Gamekeeper's thumb (also known as skier's thumb or UCL tear) is a type of injury to theulnar collateral ligament (UCL) of the thumb. The UCL is torn at (or in some cases even avulsed from) its insertion site into the proximal phalanx of the thumb in the vast majority (approximately 90%) of cases. This condition is commonly observed among gamekeepers and Scottish fowlhunters, as well as athletes. It also occurs among ordinary people who sustain a fall onto an outstretched hand.
Symptoms and signs
Symptoms of gamekeeper's thumb are instability of the MCP joint of the thumb, accompanied by pain and weakness of the pinch grasp. The severity of the symptoms are related to the extent of the initial tear of the UCL (in the case of Skier's thumb), or how long the injury has been allowed to progress (in the case of gamekeeper's thumb).
Characteristic signs include pain, swelling, and ecchymosis around the thenar eminence, and especially over the MCP joint of the thumb. Physical examination demonstrates instability of the MCP joint of the thumb.
The patient will often manifest a weakened ability to grasp objects or perform such tasks as tying shoes and tearing a piece of paper. Other complaints include intense pain experienced upon catching the thumb on an object, such as when reaching into a pants pocket.
Gamekeeper's thumb and skier's thumb are two similar conditions, both of which involve insufficiency of the ulnar collateral ligament (UCL) of the thumb. The chief difference between these two conditions is that Skier's thumb is generally considered to be an acute condition acquired after a fall or similar abduction injury to the metacarpophalangeal(MCP) joint of the thumb, whereas gamekeeper's thumb typically refers to a chroniccondition which has developed as a result of repeated episodes of lower-grade hyperabduction over a period of time. Gamekeeper's thumb is more difficult to treat because the UCL has lengthened and become thinner as a result of repeated injury.
In addition to skiing, this injury (resulting from forced abduction or hyperextension of the proximal phalanx of the thumb) is seen in a wide variety of other athletic endeavors. The most common mechanism of injury appears to be when a person extends the arm in an attempt to block a fall. The stress resulting from falling onto an abducted thumb produces a valgus force on the MCP joint of the thumb, resulting in a sprain or tear of the UCL.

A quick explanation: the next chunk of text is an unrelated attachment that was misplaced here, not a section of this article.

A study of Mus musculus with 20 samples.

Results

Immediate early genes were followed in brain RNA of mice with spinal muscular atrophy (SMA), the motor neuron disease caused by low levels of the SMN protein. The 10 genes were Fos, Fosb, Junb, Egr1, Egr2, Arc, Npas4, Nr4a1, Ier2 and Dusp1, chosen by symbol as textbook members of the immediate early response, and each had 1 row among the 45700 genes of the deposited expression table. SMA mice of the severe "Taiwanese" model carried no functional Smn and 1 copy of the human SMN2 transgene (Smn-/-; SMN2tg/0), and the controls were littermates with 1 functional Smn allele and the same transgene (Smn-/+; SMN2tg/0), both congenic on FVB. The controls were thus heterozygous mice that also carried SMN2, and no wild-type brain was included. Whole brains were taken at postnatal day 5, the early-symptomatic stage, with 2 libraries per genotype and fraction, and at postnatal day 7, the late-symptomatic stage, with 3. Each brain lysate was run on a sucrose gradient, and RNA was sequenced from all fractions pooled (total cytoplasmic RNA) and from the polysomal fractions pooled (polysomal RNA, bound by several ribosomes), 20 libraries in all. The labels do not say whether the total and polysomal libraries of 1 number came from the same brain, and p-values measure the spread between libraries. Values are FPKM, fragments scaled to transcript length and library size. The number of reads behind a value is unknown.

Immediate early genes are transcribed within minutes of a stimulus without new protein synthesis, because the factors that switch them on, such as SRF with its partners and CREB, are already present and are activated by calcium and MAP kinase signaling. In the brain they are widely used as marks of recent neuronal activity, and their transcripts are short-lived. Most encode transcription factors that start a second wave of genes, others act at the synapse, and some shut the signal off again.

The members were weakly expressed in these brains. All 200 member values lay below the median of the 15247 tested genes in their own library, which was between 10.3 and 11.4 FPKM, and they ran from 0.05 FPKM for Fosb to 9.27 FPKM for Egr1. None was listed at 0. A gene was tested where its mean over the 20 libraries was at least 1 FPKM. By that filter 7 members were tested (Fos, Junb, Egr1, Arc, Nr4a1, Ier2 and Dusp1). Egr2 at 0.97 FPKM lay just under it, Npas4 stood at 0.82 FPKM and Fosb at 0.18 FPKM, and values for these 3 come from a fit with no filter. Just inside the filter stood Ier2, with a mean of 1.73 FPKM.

In a recent study, 49% of UCL disruptions of the thumb were caused by a fall onto an outstretched hand. Sports injuries accounted for most of the remaining injuries, with only 2.4% acquired as a result of skiing injuries.
The ulnar collateral ligament is an important stabilizer of the thumb. Thumb instability resulting from disruption of the UCL profoundly impairs the overall function of the involved hand. Because of this, it is critical that these injuries receive appropriate attention and treatment.
In most cases of a complete tear, the aponeurosis of the adductor pollicis muscle may be interposed between the bones of the MCP joint and the torn ligament. When this condition (referred to as a Stener lesion) occurs, the adequate healing of the tear is prevented altogether. For a Stener lesion to occur, a complete tear of the ulnar collateral ligament must be present. However, the Stener lesion can occur even in the absence of a tear of the accessory collateral ligament or volar plate. The Stener lesion is present in more than 80% of complete ruptures of the UCL of the thumb.
When approaching this type of injury, the physician must first determine whether there is an incomplete rupture (or sprain) of the UCL, or a complete rupture. If the UCL is completely disrupted, the physician must then determine whether there is interposition of the adductor aponeurosis (Stener lesion), or simply a complete rupture of the UCL with anatomic or near-anatomic position. Radiographs are helpful in determining the possible presence of an avulsion fracture of the proximal phalanx insertion site of the ulnar collateral ligament. stress examination, or one done under fluoroscopic guidance, can hep determine the integrity of the ligament.
Most gamekeeper's thumb partial injuries are treated by simply immobilizing the joint in a thumb spica splint or a modified wrist splint and allowing the ligament to heal.
However, near total or total tears of the UCL may require surgery to achieve a satisfactory repair, especially if accompanied by a Stener lesion.
CS Campbell, an orthopedic surgeon, originally coined the term gamekeeper's thumb in 1955, after he observed this condition in a series of 24 Scottish gamekeepers. The injury appeared to occur as a result of the particular manner in which they killed small animals such as rabbits; the animals were placed on the ground, and their necks were broken as the gamekeeper exerted downward pressure with the thumb and index finger. This maneuver would place a valgus force upon the abducted metacarpophalangeal (MCP) joint. Over time, this would lead to insufficiency of the ulnar collateral ligament (UCL) of the thumb.
Others have noted that Scottish fowl or game hunters would develop this type of injury after carrying their game home in a leather thong, which they would attach to their thumb and drape over their shoulder.
The term skier's thumb is derived from the fact that skiers often acquire this type of injury by falling against a planted ski pole, tearing the UCL by hyperabducting it.
^ Wheeless' Textbook of Orthopaedics Online: Surgical treatment of acute gamekeeper's thumb
^ Chuter GS, Muwanga CL, Irwin LR. Ulnar collateral ligament injuries of the thumb: 10 years of surgical experience. Injury. Jun 2009;40(6):652-6.
^ "Gamekeeper's Thumb". About.com. Retrieved 2009-11-23.
^ Campbell CS. Gamekeeper's thumb. J Bone Joint Surg Br. Feb 1955;37-B(1):148-9.
^ Hannibal, Matthew, M.D.. "eMedicine - Gamekeeper's Thumb". eMedicine. Retrieved 2009-11-23.